Need some help choosing a sink for your new kitchen? Here is an overview of different types of sink design and some useful tips to think about.
Choosing a kitchen sink is a key part of planning your new kitchen. Your decision won’t fundamentally change the way you wash up, or prepare food, however it will affect the look and feel of your kitchen.
Your decision can also effect the type of material you choose for your worktop. It is well worth giving consideration to different options when choosing your new sink.
We’ll look at the three main types of sink (inset, undermount and integral) as this will influence your choice of worktop material.
An inset sink is effectively “dropped in” to a recess cut out of the worktop. They can often be a cheaper option, and are generally simpler to install. Inset sinks are the perfect match for a laminate worktop and working to a tighter budget.
One thing worth bearing in mind, is that with some inset sinks, it is possible for crumbs to get caught in the sides when cleaning the work surfaces. However, this shouldn’t happen with a good seal between the two.
Undermount sinks are probably the second most common type of sink. They require a solid surface worktop of some kind, as the worktops edges need to be sealed to prevent moisture ingress. For this reason, they’re not suited to a laminate worktop.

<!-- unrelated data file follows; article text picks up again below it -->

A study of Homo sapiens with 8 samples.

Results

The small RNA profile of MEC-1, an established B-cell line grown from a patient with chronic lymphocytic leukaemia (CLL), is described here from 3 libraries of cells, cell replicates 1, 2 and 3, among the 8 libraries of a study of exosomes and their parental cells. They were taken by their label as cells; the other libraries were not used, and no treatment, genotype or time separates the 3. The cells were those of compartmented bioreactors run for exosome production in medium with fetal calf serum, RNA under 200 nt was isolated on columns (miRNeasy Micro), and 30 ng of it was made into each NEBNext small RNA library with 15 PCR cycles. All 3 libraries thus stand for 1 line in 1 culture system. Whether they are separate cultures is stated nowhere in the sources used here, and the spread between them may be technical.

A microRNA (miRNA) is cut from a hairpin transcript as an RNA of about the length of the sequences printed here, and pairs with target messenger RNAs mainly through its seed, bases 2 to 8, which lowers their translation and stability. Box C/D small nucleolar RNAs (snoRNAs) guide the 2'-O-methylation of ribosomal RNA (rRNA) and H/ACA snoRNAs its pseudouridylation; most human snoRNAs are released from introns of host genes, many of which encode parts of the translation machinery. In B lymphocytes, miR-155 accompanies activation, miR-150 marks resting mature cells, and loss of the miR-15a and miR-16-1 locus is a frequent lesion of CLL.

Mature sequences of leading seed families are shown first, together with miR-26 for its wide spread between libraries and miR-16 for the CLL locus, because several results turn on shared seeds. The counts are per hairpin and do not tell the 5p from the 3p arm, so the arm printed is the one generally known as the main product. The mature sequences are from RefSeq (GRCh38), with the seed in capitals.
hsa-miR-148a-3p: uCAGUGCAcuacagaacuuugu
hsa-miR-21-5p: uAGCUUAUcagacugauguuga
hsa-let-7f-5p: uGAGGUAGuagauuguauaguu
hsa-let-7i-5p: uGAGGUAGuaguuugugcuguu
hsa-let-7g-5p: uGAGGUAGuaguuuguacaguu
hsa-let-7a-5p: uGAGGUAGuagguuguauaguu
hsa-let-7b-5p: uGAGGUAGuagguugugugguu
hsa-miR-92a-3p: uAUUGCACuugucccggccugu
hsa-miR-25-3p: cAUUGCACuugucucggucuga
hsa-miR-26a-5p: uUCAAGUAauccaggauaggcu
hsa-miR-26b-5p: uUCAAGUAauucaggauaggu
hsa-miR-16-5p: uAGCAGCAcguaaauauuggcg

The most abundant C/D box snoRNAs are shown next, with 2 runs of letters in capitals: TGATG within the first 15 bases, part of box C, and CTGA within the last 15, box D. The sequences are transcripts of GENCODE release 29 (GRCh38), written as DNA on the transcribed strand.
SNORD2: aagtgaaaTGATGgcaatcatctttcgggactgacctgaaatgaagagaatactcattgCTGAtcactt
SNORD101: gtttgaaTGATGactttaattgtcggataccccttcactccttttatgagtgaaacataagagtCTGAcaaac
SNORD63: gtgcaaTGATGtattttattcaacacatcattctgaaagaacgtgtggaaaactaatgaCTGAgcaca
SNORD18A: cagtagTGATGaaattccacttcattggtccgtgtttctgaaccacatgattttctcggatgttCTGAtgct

Most of our clients choose to fit undermount sinks under solid timber or recycled glass worktops. The ceramic sink (above left) is framed by a bespoke green recycled glass and undermounted into a solid oak-topped kitchen island and breakfast bar.
Undermount sinks give cleaner lines to a kitchen design, as the sink edges are hidden below the level of the worktop. This creates a more minimalist feel.
The classic Belfast-style sink falls into the category of undermount sink, and will influence the type of work surface you pick. Belfasts are ever popular and fit a variety of kitchen looks. Below are examples of Belfast sinks we have set into recycled glass worktops (top left and right). Bottom left shows a Belfast sink set in a recycled paper worktop. Bottom right shows one in a solid bamboo work surface.
An integral sink is made from the same material as the kitchen work surface, giving it a seamless look.
The clean lines of an integral sink makes the surface much easier to clean. However, if one part becomes damaged for some reason, then the whole thing has to be replaced.
Our clients who choose an integral sink tend to opt for one made of Encore, an acrylic-based solid surface material which is highly durable. The seamless finish of the worktop and integral sink works well if you’re wanting to achieve a contemporary look for your kitchen.
Other work surfaces also work well with an integral sink, such as the quartz product, Silestone.
So as you can see, all sink types have their own pros and cons. The important thing is to choose one that fits your new kitchen style and budget.
Probably the most crucial thing is to decide on your kitchen worktop material first, as this will influence the options available to you.
For more advice on worktops and planning kitchens, have a look through our Advice Centre.